The purpose of this guide is to assist a potential Moorcroft buyer in deciding if they are about to buy or have bought a restored piece. Whilst I am no complete expert in this field, I have seen my fair share of both the good, the bad and the downright ugly work of restorers on Moorcroft. With practice, anyone can become competent at spotting this type of work. Some restoration is perfectly acceptable if it is on a rare or unusual piece, and it is never an issue if a great work of art is restored to its former glory, in fact it can often enhance its value! My argument is more along the lines of "Why pay the same money for a little pin dish with restoration as you would for a pefect one?"
All commercial restoration can be spotted, no matter how good it is. This is mainly down to the materials used. All restoration is 'plastic', at least on the surface. No piece can be re-fired at the extreme original temperatures used by the factory without detremental results, so a suitable substitute has to be used for the clear glazes. The only ones available that give a satisfactory result are some form of epoxy or plastic based lacquer. Below the surface, fillers may be hard, but none can substitute the same qualities as the original pottery. To the touch, restoration will usually feel warmer than the cold of the original glaze, unless of course, the piece has been stood near a heat source!
To start your examination, you should stand away from the object and decide where you think it is most vulnerable, with regard to it sustaining damage in the event of it being knocked over or dropped etc. This is usually the rim, the base, a handle or any protruding feature. Get your restoration spotting tools on stanby - we all own them without realising it. Your eyes, teeth, fingertips and nails are the best available for the job in hand!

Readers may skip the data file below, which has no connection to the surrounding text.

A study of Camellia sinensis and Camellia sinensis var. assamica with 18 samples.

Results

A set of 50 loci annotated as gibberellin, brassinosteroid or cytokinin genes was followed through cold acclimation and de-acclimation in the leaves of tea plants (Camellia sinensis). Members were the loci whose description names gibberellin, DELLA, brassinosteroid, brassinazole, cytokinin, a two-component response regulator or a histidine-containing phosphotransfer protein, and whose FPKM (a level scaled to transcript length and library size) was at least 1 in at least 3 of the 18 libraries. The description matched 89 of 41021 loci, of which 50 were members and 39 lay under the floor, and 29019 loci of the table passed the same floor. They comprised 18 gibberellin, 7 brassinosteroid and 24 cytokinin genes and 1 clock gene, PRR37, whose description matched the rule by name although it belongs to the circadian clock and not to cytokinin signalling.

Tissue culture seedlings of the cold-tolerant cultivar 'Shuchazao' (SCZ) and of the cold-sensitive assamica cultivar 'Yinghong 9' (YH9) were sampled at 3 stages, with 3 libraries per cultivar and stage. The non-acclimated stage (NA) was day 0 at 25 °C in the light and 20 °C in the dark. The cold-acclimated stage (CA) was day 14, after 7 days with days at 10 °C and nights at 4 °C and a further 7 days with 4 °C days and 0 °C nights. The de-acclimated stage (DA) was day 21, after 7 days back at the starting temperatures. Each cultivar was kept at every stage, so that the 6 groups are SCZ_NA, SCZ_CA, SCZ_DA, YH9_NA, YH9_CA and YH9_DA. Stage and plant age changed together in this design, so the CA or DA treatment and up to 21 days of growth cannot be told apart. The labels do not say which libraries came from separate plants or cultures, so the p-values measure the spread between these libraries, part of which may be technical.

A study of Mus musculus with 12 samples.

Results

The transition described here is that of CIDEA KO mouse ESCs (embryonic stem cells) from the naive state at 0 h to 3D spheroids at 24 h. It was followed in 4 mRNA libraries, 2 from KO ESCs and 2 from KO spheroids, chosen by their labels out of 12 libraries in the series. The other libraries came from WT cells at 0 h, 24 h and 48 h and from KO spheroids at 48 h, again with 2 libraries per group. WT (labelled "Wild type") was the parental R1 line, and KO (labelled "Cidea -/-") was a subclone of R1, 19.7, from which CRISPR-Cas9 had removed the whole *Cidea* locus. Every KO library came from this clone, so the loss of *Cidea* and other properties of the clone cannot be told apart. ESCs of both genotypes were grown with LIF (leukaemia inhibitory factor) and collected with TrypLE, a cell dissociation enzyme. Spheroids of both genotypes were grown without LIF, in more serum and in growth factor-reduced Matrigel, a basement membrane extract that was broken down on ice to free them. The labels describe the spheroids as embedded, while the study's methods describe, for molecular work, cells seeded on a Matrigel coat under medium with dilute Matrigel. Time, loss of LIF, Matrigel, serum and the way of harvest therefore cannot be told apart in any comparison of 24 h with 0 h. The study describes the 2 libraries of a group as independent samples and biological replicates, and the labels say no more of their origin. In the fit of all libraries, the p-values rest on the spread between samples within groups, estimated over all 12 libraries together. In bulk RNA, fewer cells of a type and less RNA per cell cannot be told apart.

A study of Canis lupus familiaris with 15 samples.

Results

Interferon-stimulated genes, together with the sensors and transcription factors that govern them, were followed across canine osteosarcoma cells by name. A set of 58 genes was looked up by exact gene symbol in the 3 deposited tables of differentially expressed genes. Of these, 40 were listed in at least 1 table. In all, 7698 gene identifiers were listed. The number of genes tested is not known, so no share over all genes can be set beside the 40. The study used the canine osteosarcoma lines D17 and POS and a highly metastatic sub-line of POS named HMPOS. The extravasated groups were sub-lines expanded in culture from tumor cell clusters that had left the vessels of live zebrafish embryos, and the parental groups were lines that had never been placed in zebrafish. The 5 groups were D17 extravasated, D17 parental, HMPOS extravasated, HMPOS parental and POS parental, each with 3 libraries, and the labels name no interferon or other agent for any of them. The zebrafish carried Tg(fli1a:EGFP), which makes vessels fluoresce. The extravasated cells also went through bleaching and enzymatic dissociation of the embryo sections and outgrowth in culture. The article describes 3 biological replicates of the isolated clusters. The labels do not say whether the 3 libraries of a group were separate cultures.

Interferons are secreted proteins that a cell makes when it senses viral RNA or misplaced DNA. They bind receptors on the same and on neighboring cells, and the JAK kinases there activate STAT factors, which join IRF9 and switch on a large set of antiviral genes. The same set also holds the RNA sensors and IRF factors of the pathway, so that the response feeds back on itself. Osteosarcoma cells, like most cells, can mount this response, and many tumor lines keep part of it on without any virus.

Next, pick up the item and examine it closely and espescially in all of the vulnerable areas, using a magnifier if necessary. Look for differences in shade of colour (it is extremely difficult to match exisiting colours perfectly), or areas where the colour looks too 'block' like. By this, I mean an area that is very uniform and solid looking compared to its surounding or adjoining parts. Feel for differences in texture, even if it all looks smooth. Retored glaze will NEVER feel the same as the original cold, glass like finish. By gently dragging you fingernail across an area, you will be able to feel a 'drag' effect on a restored glaze.
If you find a suspect area, then you should use the next tool, your teeth. Have you ever seen people at antiques fairs or shops looking like they are trying to bite a vase or nibble a cup handle? If you tap the suspect area gently with your teeth, you will be able to detect that 'plastic' surprisingly easy. With original glaze, you will always get a glass like ping, and with restoration a dull empty sound by comparison. To demonstarte the extreme differences of this, try tapping a ceramic object gently with your teeth, then a hard plastic object.
The final test is the heat one mentioned at the start. Place your hand over the suspect area for a while, until you feel some warmth developing. Remove your hand then replace it after a short while and feel for any warm spots remaining. Plastic will always retain heat for longer than glaze and this factor is most useful.
Some people will use pins to detect restoration, but this can have disasterous results. A seller may not be aware that they are selling a restored piece, and they wouldn't be too happy if you start digging holes in it! If you are not totally confident with the method outlined above, then you can use the edge of a smooth coin to gently tap parts of interest.
I hope that you have found this article interesting and useful, and if you have then please vote accordingly and keep it prominent for others to see. I have also written guides on spotting seconds in Moorcrfot and Royal Doulton which you may wish to peruse.